In some ways they were all the same now. So many people stumbling around in the dark, just as she was. All across Europe there were secret roads along which men and women were moving, some towards safety, others farther into darkness. One false step. Lives in the balance. So much unknown.
(from The Sea Garden, page 128)
Deborah Lawrenson’s new novel The Sea Garden beautifully weaves together three stories of love and loss during wartime, with a focus on British intelligence and French resistance activities during World War II. The novel begins with “The Sea Garden,” a story set in the present on the Mediterranean island of Porquerolles that focuses on British landscape designer Ellie Brooke, who was hired to restore a memorial garden at the Domaine de Fayols. There is a haunting and mysterious tone to this story, as Ellie learns about the wartime history of the island, which had been occupied by the Germans, and contends with the elderly Madame de Fayols, whose bitterness turns more sinister as her hold on reality loosens.
In “The Lavender Field,” Lawrenson drops readers into Nazi-occupied Provence, where the blind perfume maker Marthe Lincel is forced to choose between fighting for her country or remaining in the dark. Lawrenson details the fascinating ways in which perfume was used to carry secret messages, blends the beauty of the lavender fields with the horrors of the war, and emphasizes the dangers and the triumphs that went hand-in-hand with Resistance work. And in “A Shadow Life,” readers follow Iris Nightingale, a British intelligence officer tasked with helping prepare men and women to serve as spies in Occupied France. Her love affair with a French agent fuels her need to find out exactly what happened to the agents who went missing during the war.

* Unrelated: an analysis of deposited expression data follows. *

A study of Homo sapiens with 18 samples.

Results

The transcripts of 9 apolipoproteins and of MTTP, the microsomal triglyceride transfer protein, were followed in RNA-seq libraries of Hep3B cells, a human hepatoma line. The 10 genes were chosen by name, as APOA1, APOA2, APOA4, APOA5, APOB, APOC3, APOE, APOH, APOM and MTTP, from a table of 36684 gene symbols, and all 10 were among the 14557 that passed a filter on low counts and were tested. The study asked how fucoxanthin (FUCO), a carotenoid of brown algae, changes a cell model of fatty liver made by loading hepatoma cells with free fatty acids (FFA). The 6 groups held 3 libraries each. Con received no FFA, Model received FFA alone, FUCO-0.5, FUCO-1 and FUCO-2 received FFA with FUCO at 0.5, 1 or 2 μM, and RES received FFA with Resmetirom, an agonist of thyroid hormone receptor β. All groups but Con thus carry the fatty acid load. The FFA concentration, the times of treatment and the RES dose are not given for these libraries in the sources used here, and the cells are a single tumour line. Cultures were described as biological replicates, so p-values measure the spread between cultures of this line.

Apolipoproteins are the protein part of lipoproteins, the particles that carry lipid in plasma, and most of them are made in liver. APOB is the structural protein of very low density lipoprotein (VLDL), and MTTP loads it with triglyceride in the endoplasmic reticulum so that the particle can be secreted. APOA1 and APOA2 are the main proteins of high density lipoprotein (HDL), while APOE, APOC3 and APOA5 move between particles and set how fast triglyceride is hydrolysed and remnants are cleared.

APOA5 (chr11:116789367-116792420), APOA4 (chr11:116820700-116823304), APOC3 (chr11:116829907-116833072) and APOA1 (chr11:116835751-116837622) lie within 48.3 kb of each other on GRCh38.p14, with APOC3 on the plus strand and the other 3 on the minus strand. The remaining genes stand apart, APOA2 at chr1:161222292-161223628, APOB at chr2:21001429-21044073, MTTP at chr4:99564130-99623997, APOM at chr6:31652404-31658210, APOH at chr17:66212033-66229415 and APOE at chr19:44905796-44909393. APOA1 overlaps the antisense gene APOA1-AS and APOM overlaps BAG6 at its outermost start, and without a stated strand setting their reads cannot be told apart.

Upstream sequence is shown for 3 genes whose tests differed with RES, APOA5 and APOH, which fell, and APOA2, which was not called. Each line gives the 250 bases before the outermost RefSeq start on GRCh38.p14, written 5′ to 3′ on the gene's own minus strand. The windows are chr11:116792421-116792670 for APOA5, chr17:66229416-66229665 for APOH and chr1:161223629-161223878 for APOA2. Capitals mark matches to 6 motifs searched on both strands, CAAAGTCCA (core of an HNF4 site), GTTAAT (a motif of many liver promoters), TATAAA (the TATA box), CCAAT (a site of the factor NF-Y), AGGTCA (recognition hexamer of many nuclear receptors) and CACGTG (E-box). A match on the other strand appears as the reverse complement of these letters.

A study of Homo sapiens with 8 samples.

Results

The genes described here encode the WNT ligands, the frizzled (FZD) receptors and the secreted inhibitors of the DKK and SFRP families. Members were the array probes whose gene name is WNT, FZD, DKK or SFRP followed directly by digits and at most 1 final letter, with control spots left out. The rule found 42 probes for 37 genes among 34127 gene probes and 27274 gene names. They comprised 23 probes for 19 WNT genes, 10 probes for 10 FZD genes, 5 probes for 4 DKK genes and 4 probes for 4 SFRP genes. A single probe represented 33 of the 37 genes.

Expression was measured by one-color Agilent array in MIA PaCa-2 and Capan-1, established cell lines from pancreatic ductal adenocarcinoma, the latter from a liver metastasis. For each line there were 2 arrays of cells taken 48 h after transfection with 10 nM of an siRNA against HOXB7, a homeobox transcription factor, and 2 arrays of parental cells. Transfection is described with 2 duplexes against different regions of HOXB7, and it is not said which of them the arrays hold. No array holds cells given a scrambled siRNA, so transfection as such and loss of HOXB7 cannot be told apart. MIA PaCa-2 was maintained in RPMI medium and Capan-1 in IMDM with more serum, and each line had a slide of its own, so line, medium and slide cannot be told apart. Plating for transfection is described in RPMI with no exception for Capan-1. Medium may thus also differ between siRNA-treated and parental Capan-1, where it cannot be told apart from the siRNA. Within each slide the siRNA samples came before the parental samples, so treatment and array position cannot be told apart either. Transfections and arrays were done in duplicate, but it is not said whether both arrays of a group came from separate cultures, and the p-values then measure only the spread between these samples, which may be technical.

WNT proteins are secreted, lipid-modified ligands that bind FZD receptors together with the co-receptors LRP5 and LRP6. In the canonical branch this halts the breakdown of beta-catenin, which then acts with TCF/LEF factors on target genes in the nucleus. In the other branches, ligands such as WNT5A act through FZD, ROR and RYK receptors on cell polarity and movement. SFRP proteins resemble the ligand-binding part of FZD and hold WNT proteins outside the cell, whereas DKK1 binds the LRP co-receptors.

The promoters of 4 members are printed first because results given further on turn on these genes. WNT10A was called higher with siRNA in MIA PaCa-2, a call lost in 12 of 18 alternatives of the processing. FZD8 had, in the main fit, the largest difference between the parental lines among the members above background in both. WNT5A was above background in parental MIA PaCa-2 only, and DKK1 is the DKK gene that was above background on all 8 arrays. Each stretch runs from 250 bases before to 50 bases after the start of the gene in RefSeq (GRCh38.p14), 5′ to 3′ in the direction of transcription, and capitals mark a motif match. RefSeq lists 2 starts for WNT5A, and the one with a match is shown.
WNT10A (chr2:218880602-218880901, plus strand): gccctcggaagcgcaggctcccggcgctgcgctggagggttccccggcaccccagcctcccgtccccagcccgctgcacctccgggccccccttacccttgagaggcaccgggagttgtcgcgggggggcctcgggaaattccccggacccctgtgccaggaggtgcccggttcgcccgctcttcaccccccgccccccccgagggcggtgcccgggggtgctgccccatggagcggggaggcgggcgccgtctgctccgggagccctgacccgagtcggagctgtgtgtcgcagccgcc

It’s not until the end of the last story that the novel comes full circle, and readers finally understand the confusing events in the first story. While I had some idea how the pieces would all fit together, it wasn’t entirely predictable, which kept me up reading until the wee hours of the morning. The Sea Garden is a unique tale full of well developed, intriguing characters, some of whom are based on historical figures, and I appreciated the author’s note at the end where Lawrenson explains her inspiration for the novel.
The Sea Garden brings to life the ordinary people who did extraordinary things during the war, from the young women who proved they could hold their own as secret agents to the farmers who allowed Allied planes to land in their fields. Lawrenson captures the desperation of wireless operators running from the Gestapo and those who spent years trying to find out why their loved ones disappeared during the war, as well as the blurred lines between hero and traitor. I found myself lost in this story from the very beginning, with rich descriptions of the various landscapes and plenty of mystery to keep me guessing. I think this book just might make my Best of 2014 list!
Disclosure: I received The Sea Garden from Harper for review.